When Things Get Hairy
Perhaps the greatest irony is that while most women (and men) spend countless amounts of time, energy, and money cultivating the hair on their heads, women often launch violent assaults on body hair that exists elsewhere.
Since the early twentieth century, American women have been influenced in their hair removal by fashion trends that bared legs and underarms. To rid the body of superfluous hair, many women will wax, tweeze, shave, and laser their legs, underarms, and bikini lines. In the pursuit of smooth, baby-soft skin, women are willing to bear excruciating hot wax being ripped from their faces and other areas and the incessant knicks and cuts of multi-bladed razors being dragged across their legs. But why endure such torture?
Koremlu, for instance, was a popular depilatory in the 1930s made from thallium acetate, a rat poison. While effective at removing hair, it also provided a host of additional horrifying side effects such as blindness, baldness, and paralysis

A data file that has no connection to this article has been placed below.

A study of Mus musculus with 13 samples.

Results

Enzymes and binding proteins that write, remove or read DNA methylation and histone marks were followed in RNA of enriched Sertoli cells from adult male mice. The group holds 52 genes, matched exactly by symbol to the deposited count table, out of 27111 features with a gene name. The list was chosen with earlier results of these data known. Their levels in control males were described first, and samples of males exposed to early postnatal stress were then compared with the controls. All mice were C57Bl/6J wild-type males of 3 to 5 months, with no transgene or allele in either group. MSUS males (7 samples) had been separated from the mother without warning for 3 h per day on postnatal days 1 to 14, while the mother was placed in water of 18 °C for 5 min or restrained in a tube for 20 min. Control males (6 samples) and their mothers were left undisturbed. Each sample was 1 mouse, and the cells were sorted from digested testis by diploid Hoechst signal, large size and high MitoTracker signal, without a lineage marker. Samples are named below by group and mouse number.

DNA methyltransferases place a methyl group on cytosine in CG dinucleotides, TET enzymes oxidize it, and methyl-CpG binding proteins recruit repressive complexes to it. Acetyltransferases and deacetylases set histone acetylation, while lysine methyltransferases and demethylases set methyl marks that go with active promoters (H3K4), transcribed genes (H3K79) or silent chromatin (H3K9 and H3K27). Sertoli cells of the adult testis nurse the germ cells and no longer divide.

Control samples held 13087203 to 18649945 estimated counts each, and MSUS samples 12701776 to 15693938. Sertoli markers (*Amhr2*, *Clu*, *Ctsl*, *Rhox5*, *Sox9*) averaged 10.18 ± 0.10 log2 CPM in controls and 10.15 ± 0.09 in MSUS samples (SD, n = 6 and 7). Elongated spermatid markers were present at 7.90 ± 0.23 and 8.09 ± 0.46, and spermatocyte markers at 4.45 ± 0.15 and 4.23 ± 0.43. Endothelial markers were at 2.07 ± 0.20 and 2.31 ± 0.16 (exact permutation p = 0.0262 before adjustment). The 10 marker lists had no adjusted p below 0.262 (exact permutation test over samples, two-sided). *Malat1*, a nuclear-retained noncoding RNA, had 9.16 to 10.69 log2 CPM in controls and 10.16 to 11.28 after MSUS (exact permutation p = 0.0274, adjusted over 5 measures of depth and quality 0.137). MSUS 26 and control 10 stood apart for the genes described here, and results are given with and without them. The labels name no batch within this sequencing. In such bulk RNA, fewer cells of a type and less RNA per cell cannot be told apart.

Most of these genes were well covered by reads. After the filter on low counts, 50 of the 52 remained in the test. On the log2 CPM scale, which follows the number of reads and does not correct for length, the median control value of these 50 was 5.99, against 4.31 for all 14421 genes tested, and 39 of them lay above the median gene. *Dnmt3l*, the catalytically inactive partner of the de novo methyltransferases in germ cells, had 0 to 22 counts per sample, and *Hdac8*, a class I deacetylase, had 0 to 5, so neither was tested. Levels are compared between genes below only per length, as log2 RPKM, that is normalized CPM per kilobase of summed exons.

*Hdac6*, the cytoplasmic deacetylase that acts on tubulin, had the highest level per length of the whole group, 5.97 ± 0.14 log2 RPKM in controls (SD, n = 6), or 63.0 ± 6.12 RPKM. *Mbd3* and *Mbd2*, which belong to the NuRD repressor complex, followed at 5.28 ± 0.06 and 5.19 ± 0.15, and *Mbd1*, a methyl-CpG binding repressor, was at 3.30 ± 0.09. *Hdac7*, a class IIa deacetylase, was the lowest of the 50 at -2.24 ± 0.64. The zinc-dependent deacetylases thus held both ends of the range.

In 1914, advertisements for depilatory creams in Harper's Bazaar painted underarm hair as unfeminine, unhygienic, and unfashionable for the latest sleeveless women's styles. The first women’s razor from Gillette, called the Milady Decolletée, was created and marketed to women in 1915 and helped fuel the cultural obsession with female body hair removal. Fast forward to the 1950s when publications such as Playboy showed clean-shaven, lingeried ladies who became benchmarks for feminine beauty.
In spite of the media’s promotion of this hairless feminine ideal, in the 1960s and 1970s, in the throes of second wave feminism, many feminists opposed and rejected the culturally imposed ideals and advocated for women to do with their hair removal as they pleased. As a result, some women preferred to go au natural. However, this phenomenon was short-lived as advertising won out and most women continued to shave, wax, and pluck their body hair.